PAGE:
Should Diabetics Fast During Ramadan?

| May 19, 2017 | Comments (0)

Next week, at sunset on 26th May, more than a billion Muslims across the world will start to celebrate the holy month of Ramadan – a central feature of which is fasting each day from sunrise to sunset. But, if you are Muslim and have diabetes, should you fast, and if so, what precautions should you take?

People with diabetes may be unable to keep their blood sugar levels stable during fasting, particularly if they are injecting insulin or taking medication. And with Ramadan currently falling in early summer in the Northern Hemisphere, fasts here can be very long – up to 18 hours a day.

The main risks are hypos (low blood sugar episodes) during fasting, too-high blood sugar following meals before and after the daily fast, and dehydration. There is also a danger of diabetic ketoacidosis for those on insulin medication.

The Muslim Council of Britain recognises the problems that people with diabetes face during Ramadan. They advise that if you have diabetes you are exempted from fasting, and that if you do choose to fast it should be a personal decision made with the help of your diabetes team.

Official advice is not to fast if you need to inject insulin (or use an insulin pump), if you are a woman who has diabetes and is pregnant, if your blood sugar levels are poorly controlled or if you have complications, such as foot ulcers or kidney damage.

Despite this advice, Muslims with diabetes may feel guilty about not fasting during Ramadan, or may come under pressure from family members.1 A survey of 13 Muslim countries found 43 per cent of people with type 1 diabetes and 79 per cent of those with type 2 fasted during Ramadan.2 So, what can you do to make fasting safer, if you decide to go ahead with it?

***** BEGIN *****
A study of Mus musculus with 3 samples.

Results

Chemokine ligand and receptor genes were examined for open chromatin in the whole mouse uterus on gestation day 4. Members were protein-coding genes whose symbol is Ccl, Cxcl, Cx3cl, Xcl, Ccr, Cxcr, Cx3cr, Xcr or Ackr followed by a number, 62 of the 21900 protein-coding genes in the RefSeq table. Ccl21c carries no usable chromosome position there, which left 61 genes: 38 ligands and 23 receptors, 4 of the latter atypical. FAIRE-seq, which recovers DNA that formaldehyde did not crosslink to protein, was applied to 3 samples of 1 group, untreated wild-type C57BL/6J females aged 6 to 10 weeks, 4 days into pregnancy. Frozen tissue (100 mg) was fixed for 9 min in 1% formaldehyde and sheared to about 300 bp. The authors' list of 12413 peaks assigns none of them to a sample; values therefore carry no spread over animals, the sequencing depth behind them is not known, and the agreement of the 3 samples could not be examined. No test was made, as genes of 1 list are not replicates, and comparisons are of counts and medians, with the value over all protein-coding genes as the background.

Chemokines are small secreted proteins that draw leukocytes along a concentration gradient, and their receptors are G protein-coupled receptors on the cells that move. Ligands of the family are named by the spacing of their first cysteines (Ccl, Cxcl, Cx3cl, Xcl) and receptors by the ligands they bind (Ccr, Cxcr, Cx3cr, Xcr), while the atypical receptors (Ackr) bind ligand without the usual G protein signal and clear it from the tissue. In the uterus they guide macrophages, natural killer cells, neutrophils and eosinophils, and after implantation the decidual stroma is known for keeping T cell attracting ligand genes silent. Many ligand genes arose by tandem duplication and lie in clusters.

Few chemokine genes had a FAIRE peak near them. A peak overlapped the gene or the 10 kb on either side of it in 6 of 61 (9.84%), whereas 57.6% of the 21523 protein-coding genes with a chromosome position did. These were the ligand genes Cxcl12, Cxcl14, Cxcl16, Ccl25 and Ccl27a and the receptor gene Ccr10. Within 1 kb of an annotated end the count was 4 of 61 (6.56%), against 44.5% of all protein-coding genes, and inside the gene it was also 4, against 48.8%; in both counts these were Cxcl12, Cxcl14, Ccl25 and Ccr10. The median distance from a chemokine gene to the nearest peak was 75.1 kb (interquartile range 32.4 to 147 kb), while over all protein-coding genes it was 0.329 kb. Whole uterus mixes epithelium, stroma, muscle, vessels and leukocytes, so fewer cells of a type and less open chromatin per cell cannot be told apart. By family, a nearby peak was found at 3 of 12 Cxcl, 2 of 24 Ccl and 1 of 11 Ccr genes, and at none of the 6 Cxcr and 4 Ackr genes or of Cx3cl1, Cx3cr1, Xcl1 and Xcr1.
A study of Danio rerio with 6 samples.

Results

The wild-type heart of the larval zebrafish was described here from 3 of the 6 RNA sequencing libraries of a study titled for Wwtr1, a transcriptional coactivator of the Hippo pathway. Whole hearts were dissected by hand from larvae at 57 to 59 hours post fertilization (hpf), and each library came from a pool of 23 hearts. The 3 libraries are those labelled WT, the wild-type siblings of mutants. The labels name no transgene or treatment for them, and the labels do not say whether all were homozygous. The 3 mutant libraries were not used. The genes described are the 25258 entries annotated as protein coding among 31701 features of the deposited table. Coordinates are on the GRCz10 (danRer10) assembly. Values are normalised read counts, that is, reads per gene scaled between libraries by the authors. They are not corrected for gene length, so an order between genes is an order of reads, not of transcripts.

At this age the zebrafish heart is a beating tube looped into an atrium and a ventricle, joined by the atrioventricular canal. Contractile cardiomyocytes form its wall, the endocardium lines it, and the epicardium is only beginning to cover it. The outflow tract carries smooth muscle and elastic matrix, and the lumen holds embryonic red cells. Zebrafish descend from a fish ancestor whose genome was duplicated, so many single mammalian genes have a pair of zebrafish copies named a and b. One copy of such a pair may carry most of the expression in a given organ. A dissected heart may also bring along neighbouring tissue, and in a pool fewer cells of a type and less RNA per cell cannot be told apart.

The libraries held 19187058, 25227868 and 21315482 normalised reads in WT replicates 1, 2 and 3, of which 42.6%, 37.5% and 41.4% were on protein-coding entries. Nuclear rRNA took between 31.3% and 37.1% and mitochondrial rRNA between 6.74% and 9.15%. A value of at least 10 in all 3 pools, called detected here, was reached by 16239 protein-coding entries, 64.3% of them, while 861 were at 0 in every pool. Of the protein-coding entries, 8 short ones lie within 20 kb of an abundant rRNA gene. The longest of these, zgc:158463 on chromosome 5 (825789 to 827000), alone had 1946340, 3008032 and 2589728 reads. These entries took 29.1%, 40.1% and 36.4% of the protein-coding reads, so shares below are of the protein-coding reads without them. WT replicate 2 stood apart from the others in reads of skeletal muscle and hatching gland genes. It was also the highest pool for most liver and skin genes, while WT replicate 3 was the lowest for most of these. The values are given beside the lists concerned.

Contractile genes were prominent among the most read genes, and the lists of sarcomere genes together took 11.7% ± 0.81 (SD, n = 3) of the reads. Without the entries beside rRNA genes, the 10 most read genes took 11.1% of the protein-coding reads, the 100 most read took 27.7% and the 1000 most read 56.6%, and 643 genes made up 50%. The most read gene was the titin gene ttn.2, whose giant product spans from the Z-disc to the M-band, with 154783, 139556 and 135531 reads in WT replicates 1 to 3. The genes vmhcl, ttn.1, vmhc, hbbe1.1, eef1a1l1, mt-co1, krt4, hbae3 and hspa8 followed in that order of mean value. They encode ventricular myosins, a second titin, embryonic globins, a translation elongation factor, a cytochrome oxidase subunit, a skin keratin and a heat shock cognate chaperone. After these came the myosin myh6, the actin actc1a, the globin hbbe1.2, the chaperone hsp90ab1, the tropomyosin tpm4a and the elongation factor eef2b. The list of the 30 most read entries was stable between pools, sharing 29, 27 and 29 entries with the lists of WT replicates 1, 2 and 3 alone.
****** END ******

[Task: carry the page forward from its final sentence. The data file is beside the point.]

• Talk to your doctor or diabetes care team before you start fasting. If you are taking medication, your dosage may need to be adjusted. It is very important to get individual, personalised advice.
  • Monitor your blood glucose frequently, especially if you inject insulin or use an insulin pump – a recent review found that most insulin-dependent diabetics can fast safely, given the right training and support.3
  • If your blood sugar is going too low, you must break your fast and have something to eat. Always carry your blood sugar testing kit and “emergency rations”.
  • Eat a healthy, low GL diet and don’t be tempted to overload on carbs at the evening meal. In the morning, include high-protein foods, fats and slow-release carbs to keep you going during the day.
  • Get as much sleep as you can – an afternoon nap is highly recommended. And you will sleep better at night if your evening meal isn’t too heavy.
  • Drink plenty of water during the non-fasting period and look out for signs of dehydration during the day – such as feeling weak or confused, dizziness, nausea, headache and a fast heartbeat. Dehydration can be very dangerous, so be prepared to break your fast and drink.

There is further advice here on fasting during Ramadan if you have diabetes.

If you have gestational diabetes, you are advised not to fast. Now, scientists have found that this condition can be detected early and that, if you have it, compounds in green tea could help, as I explain in my next blog post.

Wishing you the best of health,

Martin Hum
PhD DHD Nutritionist
for Real Diabetes Truth


Sources:

1. Patel NR, Kennedy A, Blickem C, Rogers A, Reeves D, Chew-Graham C. Having diabetes and having to fast: a qualitative study of British Muslims with diabetes. Health Expectations. 2015; 18(5):1698-1708.

2. Salti I, Bénard E, Detournay B et al. A population-based study of diabetes and its characteristics during the fasting month of Ramadan in 13 countries: results of the epidemiology of diabetes and Ramadan 1422/2001 (EPIDIAR) study. Diabetes Care. 2004; 27(10):2306-2311.

3. Alabbood MH, Ho KW, Simons MR. The effect of Ramadan fasting on glycaemic control in insulin dependent diabetic patients: A literature review. Diabetes Metab Syndr. 2017; 11(1):83-87.